Former British army chief Richard Dannatt said he was “very disappointed” with the content of the Queens speech. Dannatt feels disappointed as legislation to give an amnesty from prosecution to British army veterans of the conflict in the north of Ireland was ‘cut‘ from her speech.
But it’s the victims of British army killings who should be ‘disappointed’. Because the Irish and British governments agreed mechanisms, under the Stormont House Agreement (SHA) in 2014, to deal with these killings. And, as a victims’ justice campaigner told The Canary, these mechanisms won’t be in the speech either.
Low level of British prosecutions
Calls from Dannatt and others for an amnesty for British soldiers beggars belief. The Police Service of Northern Ireland (PSNI) is investigating a far greater number of killings attributed to Irish republicans than to British soldiers. And currently, just six British soldiers are facing prosecution.
Of the 3,637 people believed to have been killed during the 30-year conflict in the north, just 10% are attributed to British security forces and 30% to loyalist paramilitaries. But that figure doesn’t give the complete picture. Because journalist Anne Cadwallader’s book Lethal Allies reveals collusion between British security forces and loyalist paramilitaries. Between 1972 and 1976 alone, collusion was responsible for 120 killings.
So if so few prosecutions of British security forces have followed, you could be forgiven for thinking that some kind of amnesty is already in place. Which is why you would also have to wonder why Dannatt and others want further protection.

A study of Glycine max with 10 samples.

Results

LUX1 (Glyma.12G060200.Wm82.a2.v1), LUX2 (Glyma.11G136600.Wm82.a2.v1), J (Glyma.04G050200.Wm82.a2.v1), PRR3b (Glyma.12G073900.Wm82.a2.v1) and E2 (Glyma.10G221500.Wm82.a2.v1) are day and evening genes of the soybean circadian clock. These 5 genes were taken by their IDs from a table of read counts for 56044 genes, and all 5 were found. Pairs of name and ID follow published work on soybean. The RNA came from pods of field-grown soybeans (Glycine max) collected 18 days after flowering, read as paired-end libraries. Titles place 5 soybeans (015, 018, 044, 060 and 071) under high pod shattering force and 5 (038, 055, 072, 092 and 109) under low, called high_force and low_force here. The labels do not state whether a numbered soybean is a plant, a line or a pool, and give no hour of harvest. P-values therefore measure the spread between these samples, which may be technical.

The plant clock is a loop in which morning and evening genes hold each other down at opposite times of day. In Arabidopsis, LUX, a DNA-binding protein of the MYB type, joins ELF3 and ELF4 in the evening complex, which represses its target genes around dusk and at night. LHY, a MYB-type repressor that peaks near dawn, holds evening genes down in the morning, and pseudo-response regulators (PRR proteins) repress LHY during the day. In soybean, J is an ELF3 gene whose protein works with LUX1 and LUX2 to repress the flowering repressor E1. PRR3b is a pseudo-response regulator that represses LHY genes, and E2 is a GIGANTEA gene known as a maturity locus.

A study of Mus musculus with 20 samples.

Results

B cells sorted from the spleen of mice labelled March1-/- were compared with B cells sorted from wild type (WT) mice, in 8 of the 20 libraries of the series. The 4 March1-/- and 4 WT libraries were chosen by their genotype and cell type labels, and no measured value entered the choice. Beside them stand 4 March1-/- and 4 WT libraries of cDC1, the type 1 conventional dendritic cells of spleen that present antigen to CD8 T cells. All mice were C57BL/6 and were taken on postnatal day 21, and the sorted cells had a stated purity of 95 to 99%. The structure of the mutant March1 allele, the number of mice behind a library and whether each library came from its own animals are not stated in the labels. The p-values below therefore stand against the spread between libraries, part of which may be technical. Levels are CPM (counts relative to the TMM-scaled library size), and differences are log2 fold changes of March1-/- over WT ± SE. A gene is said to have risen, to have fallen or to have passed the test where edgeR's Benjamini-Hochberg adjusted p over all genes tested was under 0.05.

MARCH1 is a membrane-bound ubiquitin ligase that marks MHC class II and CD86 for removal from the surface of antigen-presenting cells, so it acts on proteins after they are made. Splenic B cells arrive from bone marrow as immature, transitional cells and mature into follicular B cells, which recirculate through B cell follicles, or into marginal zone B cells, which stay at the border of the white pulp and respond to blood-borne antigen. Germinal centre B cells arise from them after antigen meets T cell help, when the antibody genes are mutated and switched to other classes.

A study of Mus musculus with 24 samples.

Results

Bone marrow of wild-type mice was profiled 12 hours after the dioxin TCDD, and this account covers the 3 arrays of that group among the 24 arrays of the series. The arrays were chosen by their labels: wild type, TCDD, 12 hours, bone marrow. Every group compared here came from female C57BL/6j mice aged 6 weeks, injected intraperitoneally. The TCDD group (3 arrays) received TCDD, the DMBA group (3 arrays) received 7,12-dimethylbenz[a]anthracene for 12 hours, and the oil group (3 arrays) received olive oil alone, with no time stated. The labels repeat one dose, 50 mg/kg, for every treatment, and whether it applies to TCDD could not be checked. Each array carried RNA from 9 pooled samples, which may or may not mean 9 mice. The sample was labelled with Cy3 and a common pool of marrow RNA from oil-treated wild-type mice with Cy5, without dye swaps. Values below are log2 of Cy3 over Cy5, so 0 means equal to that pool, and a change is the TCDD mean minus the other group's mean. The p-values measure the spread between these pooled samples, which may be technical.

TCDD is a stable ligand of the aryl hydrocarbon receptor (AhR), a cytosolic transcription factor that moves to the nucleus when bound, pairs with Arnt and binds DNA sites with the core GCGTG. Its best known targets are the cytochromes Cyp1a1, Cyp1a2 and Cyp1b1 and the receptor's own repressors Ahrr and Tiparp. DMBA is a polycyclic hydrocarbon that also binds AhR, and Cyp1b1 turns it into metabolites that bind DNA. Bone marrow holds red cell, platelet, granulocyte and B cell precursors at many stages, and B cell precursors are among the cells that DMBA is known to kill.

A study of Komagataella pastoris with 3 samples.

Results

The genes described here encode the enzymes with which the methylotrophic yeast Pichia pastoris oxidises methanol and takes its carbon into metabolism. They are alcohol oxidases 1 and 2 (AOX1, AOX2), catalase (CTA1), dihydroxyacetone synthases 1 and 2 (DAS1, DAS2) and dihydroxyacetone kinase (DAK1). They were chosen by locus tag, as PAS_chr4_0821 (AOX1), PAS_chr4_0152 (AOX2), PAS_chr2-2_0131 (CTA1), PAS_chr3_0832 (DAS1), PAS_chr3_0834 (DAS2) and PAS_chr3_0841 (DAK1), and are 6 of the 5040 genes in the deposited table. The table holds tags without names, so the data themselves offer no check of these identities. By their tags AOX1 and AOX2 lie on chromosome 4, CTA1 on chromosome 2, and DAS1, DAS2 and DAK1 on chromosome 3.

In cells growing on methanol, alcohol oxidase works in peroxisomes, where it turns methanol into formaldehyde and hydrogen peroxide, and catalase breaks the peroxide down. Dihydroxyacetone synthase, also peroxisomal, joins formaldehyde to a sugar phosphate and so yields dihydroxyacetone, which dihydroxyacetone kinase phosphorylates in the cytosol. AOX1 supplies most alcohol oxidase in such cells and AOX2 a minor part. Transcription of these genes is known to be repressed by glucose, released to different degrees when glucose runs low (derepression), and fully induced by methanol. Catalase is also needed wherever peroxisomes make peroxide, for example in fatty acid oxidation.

Nobody is above the law
As Dannatt says:
Nobody is above the law. If soldiers have broken the law and if there is evidence to back up charges against them, then of course they must face the rigours of the law and take the consequences.
But in the vast majority of cases, British soldiers, particularly in the campaign in Northern Ireland, got up in the morning to do their duty to keep the peace according to the rules of engagement we had
So neither he nor any British soldier who served in the north should need new legislation.
What needs to happen
- Implement and adequately resource the Stormont House Agreement legacy mechanisms in a human rights compliant manner.
- Adequately resource the Lord Chief Justice’s 5-year plan to clear the backlog in legacy inquests.
- Adequately resource the Office of the Police Ombudsman to allow it to complete outstanding historical investigations.
Lack of movement
Yet despite the number of killings that can be attributed to loyalists or British forces during the conflict, they seem to go almost unnoticed and unreported today. Because neither the mainstream media nor the British government appears to be taking them seriously. One campaigner told The Canary that without legislation to implement such mechanisms, pressure will increase:
on the PSNI and the criminal justice system here who have a statutory responsibility to deal with investigations and due process into our past and who are ill equipped and reluctant to do so.
In any political climate, stalling on matters of grave importance could cause unease. And as the presence of customs borders on the island of Ireland remain uncertain, it’s unease we really do not need. Time these families had justice.